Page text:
Enjoy the healing power of
Nutritional specialists have been known that spinach, with its dark green leaves, are an extremely healthy food. Popularized by the cartoon character, Popeye, spinach is known to have considerable positive health effects. There are few other sources of vitamin C, calcium, iron and beta carotene that are better sources than spinach leaves.
Its nutritional value
Spinach has more than just these nutritional benefits. It is also an excellent way to get insoluble fiber in your diet. Insoluble fiber is good for the bowels and appears to have a positive effect on the heart, keeping it from being damaged.
Spinach works on more than
just cardiovascular disease; it
also appears to be effective in
lowering the risk of several
kinds of cancer, including
lung cancer. Experts
believe that it is the high
vitamin K level in spinach that
provides its benefits against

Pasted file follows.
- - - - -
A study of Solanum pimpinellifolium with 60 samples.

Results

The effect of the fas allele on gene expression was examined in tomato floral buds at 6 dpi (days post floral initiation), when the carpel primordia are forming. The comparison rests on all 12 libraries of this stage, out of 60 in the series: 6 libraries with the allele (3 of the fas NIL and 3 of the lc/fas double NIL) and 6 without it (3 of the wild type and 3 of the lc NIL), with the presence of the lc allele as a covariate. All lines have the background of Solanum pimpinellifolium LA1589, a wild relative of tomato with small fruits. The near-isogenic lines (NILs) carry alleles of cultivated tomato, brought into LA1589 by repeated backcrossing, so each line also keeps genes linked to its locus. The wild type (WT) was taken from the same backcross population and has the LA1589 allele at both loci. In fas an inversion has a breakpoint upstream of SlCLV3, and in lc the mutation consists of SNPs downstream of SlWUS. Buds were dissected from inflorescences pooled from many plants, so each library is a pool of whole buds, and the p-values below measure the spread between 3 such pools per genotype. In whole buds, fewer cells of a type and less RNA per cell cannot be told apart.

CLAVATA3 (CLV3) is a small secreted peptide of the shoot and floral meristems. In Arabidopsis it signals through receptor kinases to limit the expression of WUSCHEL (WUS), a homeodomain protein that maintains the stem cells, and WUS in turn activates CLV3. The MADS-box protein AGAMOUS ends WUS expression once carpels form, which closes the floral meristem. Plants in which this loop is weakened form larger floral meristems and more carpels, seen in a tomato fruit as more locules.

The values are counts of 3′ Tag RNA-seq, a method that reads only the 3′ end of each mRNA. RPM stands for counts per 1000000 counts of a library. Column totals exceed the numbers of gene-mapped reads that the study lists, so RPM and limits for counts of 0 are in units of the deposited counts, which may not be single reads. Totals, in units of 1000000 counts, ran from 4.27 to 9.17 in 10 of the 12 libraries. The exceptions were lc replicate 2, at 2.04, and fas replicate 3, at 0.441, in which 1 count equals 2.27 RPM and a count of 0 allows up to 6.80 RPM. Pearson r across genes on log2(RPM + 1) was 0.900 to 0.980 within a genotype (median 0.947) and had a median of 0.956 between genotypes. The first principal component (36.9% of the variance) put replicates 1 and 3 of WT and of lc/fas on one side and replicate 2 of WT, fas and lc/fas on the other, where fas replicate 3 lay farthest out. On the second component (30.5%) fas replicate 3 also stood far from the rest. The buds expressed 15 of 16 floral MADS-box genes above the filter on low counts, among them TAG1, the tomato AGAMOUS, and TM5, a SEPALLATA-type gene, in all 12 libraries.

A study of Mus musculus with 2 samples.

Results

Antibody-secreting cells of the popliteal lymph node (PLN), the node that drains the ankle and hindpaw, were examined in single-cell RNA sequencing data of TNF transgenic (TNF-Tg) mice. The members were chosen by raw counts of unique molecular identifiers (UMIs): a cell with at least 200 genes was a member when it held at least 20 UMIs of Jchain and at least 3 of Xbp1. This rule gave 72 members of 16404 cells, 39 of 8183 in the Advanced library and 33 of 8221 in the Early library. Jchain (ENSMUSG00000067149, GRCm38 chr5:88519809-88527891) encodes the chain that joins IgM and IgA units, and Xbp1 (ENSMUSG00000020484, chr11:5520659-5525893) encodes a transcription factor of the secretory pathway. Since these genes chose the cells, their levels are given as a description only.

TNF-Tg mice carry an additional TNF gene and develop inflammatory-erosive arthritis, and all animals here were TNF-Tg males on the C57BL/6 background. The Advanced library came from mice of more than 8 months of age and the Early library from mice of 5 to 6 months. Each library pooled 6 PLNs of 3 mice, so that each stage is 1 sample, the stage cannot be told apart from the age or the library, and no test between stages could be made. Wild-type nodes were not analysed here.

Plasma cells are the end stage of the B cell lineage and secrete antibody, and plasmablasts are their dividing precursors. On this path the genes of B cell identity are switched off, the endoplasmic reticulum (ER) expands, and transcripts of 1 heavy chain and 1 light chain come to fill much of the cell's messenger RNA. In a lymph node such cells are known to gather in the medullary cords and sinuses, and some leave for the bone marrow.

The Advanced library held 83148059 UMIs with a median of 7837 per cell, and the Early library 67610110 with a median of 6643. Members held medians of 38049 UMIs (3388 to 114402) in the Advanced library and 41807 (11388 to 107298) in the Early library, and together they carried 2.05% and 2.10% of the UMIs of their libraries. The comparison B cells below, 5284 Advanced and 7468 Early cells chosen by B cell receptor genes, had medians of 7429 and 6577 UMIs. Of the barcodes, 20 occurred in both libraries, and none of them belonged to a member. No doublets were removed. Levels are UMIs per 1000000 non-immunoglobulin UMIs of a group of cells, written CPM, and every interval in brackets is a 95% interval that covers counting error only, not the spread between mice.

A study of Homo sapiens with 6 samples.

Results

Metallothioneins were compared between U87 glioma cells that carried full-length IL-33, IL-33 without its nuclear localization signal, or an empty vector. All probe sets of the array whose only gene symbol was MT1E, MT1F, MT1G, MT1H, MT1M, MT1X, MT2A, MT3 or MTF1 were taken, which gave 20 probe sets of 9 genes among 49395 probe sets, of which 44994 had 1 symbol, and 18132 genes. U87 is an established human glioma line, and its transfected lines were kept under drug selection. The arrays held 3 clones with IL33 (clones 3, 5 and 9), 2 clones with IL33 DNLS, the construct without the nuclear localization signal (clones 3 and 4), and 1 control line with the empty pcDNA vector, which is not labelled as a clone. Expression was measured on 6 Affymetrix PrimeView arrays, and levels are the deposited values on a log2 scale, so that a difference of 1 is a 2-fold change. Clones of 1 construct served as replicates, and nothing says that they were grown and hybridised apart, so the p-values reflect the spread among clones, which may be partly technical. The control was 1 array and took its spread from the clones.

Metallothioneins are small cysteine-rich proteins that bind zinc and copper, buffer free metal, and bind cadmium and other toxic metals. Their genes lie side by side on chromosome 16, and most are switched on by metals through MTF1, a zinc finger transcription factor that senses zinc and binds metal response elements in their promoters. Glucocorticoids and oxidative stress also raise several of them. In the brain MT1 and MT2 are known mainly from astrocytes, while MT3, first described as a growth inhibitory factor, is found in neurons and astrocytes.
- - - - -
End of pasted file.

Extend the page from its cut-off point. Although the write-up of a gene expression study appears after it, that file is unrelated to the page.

cancer. You can hardly
find a better source of vitamin
K than you can in spinach.
Spinach is also supposed to be useful in combating cataracts. There are research studies showing that those foods that contain a great deal of beta carotene, like spinach, have the ability to slow the growth and prevent cataracts. Other studies show that those with a diet with a lot of spinach and other dark green leafy vegetables in it have much less risk of cataract formation.
There is one possible reason behind spinach's effect on cataracts. It contains a great deal of zeaxanthin and lutein—carotenoids that are a lot like beta carotene. Both of these substances are potent antioxidants and are believed to carry the same effect of other antioxidants against cell damage, cancer and aging.
Spinach is believed to block elevated levels of homocysteine in the bloodstream. Scientists feel that it is the vitamin C, beta carotene and folic acid are the chemicals in spinach and other foods that block homocysteine levels. High homocysteine is associated with cardiovascular disease.
Spinach and related vegetables are felt to reduce the progression of macular degeneration—an eye disease that can cause blindness in many people. It is felt that the antioxidants in spinach and other dark green leafy vegetables are what makes them so good in preventing and halting macular degeneration associated with advanced age.